English National Opera's 'Jenufa',
appreciated by ROBERT HUGILL


English National Opera's new production of Janácek's Jenufa is a co-production with Houston Grand Opera and has already been seen there with Catherine Malfitano as Kostelnicka, a role she repeated in London. David Alden's production was in his usual style, with stylised, pared-down visuals. Designers Charles Edwards (sets) and John Morrell (costumes) set the opera in a grim, monochrome 1950s, where the mill becomes a factory.

Jenufa is the most conventional of Janácek's mature operas, but the long process of revision that Janácek undertook after the opera's first performance means that the opera is still not very close to the traditional verismo opera that inspired it. Alden's decision to set the piece in a grim no-man's land only emphasises this; any local colour left in by Janácek (the folk dances in Acts 1 and 3 for example) are used by Alden to point up character rather than to add folksy elements.

Sometimes, this style of production tends to stretch or falsify the drama in order to make a particular point, but here Alden stuck admirably to Janácek's storyline. Jenufa is essentially an opera about the interaction of characters and all the information is in the music; Alden respected this and gave us Janácek's Jenufa, albeit in a stripped down and concentrated form.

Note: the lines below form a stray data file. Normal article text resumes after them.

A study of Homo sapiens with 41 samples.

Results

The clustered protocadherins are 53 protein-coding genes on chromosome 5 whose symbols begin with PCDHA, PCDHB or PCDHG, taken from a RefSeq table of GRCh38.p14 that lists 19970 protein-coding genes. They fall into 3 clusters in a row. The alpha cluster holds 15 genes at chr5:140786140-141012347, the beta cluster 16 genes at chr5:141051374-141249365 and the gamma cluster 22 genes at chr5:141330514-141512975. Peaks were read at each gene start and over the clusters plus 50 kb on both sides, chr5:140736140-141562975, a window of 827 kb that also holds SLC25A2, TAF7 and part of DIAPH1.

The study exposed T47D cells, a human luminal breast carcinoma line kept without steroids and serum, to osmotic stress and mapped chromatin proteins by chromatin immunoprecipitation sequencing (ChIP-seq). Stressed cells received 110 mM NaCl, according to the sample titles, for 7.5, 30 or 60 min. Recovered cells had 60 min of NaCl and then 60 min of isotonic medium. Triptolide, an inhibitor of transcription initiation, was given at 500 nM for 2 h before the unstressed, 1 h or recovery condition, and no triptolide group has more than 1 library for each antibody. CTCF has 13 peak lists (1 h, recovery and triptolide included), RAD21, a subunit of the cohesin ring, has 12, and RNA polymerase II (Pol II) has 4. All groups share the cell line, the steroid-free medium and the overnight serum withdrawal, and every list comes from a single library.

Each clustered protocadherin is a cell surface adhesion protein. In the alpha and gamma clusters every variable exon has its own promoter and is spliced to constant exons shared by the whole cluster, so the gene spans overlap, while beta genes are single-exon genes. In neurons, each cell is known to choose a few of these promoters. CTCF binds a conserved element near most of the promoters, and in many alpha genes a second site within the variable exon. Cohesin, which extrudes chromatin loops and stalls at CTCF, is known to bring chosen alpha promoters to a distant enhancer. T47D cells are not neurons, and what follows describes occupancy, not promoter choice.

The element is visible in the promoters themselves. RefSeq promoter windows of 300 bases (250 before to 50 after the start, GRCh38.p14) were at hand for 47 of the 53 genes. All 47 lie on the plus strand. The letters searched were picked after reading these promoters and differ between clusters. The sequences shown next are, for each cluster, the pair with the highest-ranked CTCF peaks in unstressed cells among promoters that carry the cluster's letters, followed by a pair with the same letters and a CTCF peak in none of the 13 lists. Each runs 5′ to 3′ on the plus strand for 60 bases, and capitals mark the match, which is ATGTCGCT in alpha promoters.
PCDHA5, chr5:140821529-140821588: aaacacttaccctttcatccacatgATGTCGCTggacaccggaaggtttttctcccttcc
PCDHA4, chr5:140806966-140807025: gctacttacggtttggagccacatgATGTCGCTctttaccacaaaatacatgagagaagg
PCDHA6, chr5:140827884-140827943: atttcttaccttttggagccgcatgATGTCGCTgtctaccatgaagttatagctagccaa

We first saw Jenufa (Amanda Roocroft) carrying her rosemary plant in a pot. In Alden's world, Jenufa's attachment to the plant seemed even more hopeless than usual in the grim factory setting inhabited by her family. Grandmother Burya (the ever wonderful Susan Gorton) became some sort of factory supervisor, with her own little booth.

Stuart Skelton's Laca was first seen doing manual work with a lathe at the back of the stage. Skelton created Laca as a stumbling, inhibited person; truly inarticulate, unable to communicate what he feels. Tellingly, the only time that Laca touched Jenufa before the final love duet, was in the scene where he lashed out and cut her face.

Paul Charles Clarke's Steve was a leather-wearing, Harley Davison riding good for nothing. Clarke's voice has both the lyricism and the grit necessary to make a success of this role. Part of Alden's point was that neither of the brothers is particularly attractive, so Jenufa's choices were necessarily constrained.